First of all, let’s establish what a cavity is. Basically, a cavity is the loss of some part of the tooth to the process of decay brought about by the action of acids which demineralize the crystalline structure of the tooth.
However, before we start to speak of a cavity, there are early signs of that decay which can be detected which only affect the outer covering of the tooth - the tooth enamel. While still confined within that layer, the structure can be re-strengthened externally by means of fluorides or any substance which promotes a re-mineralization of the weakened structure.
When left unnoticed and unaddressed, that decay will then extend beyond that outer layer and into the inner layer of the tooth which makes up the bulk of the tooth which is called the dentin.
It is then when that process “branches out” and becomes unreachable by external means (owing to the microscopic structure of the dentin) that the decay spreads deeper into the tooth and leads to a softening of that layer.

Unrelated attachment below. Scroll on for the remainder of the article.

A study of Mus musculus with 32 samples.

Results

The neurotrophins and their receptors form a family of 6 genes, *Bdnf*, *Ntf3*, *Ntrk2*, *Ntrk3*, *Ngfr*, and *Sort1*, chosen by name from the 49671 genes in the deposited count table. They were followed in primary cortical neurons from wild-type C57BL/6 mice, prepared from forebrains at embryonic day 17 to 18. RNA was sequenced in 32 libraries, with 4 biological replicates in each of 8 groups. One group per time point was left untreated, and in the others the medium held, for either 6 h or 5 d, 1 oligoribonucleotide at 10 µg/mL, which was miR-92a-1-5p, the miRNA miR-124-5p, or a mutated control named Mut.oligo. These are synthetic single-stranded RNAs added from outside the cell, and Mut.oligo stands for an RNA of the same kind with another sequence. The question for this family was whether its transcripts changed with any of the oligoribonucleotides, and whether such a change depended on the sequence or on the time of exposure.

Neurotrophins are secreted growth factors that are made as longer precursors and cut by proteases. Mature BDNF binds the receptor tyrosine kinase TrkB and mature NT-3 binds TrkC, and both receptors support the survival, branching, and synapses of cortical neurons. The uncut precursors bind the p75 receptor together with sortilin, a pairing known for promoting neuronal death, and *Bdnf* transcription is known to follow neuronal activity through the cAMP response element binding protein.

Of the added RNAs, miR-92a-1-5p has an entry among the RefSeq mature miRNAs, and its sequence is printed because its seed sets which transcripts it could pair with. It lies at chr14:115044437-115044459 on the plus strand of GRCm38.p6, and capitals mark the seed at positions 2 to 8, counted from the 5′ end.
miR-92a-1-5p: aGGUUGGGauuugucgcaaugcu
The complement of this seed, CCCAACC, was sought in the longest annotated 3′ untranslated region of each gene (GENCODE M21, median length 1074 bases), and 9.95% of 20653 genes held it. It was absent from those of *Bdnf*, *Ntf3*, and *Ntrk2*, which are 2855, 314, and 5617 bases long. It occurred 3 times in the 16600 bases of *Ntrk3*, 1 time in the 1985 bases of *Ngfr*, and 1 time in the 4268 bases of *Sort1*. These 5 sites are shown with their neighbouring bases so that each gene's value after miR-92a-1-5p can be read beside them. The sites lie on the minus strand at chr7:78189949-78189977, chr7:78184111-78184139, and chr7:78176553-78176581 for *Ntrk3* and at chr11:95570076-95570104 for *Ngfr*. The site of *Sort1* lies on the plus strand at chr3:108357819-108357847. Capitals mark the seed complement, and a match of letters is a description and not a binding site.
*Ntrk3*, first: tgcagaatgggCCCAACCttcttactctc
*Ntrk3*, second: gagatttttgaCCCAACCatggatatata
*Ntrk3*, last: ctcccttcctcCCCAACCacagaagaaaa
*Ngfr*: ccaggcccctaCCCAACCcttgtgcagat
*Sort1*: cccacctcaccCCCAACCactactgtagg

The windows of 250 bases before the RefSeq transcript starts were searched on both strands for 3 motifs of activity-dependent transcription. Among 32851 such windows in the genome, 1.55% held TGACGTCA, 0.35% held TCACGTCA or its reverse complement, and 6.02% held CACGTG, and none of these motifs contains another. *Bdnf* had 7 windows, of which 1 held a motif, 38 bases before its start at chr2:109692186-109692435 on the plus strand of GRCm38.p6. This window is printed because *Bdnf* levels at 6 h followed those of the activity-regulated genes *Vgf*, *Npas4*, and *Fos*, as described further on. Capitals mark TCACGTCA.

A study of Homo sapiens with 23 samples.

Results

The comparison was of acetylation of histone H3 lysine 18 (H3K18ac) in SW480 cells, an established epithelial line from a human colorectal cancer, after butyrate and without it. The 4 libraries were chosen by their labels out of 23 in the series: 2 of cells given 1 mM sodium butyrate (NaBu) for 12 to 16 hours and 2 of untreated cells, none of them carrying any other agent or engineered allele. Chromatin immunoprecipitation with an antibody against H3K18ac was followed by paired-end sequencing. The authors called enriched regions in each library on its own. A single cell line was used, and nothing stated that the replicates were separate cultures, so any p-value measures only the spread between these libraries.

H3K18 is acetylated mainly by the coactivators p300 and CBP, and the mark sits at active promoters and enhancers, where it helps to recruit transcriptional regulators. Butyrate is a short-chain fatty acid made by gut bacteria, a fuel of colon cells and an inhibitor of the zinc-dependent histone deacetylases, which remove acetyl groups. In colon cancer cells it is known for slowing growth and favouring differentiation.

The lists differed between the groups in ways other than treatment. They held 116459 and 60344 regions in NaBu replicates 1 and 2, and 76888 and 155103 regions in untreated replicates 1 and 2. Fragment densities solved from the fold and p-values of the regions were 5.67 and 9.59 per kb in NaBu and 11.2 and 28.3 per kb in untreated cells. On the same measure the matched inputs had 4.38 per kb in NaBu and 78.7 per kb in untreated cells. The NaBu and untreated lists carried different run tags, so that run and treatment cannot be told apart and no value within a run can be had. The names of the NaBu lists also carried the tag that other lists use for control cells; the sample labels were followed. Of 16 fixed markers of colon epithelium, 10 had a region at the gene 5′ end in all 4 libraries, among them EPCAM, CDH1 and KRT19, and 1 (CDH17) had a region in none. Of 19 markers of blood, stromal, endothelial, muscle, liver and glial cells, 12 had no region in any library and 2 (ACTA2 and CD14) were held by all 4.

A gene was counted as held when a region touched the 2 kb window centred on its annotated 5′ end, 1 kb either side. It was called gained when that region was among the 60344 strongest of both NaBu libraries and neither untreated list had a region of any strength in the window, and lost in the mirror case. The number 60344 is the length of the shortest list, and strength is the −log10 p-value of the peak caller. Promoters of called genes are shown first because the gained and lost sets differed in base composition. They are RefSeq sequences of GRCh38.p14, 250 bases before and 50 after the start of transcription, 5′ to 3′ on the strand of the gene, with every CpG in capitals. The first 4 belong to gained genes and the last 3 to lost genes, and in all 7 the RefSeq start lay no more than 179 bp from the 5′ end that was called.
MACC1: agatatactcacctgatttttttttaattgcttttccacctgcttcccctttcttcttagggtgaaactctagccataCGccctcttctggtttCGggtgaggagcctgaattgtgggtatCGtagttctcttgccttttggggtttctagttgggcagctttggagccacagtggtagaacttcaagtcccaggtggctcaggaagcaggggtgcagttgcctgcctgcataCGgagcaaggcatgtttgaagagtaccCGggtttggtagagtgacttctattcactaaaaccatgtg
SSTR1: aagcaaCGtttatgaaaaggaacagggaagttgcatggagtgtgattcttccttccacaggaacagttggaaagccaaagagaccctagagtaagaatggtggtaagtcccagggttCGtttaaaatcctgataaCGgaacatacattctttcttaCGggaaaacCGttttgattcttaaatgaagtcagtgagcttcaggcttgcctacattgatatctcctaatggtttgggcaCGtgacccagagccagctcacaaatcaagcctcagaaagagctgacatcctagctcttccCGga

At some point, the outer covering of the tooth loses support and collapses. That is what most patients consider to be a cavity and this is when they will seek out the dentist to restore the broken part of the tooth.
In some cases, however, the decay may go so deep into the tooth without the outer layer being broken until the pain is felt. That pain is a signal that the pulp (‘nerve”) of the tooth is reached and, in that case, a root canal treatment would be necessary.
So, to answer the question, the best way to deal with early signs of dental decay is to actually have your dentist detect them.
If you visit your dentist regularly every 6 months, dental decay can be detected in its early stages and treated before it spreads into the deeper layers. Early cavities can be detected before any pain is felt and treated by conservative and minimally invasive restorations on which modern day dentistry revolves around today.
Remember, the smaller the filling, the more durable it is and the stronger the restored tooth will be.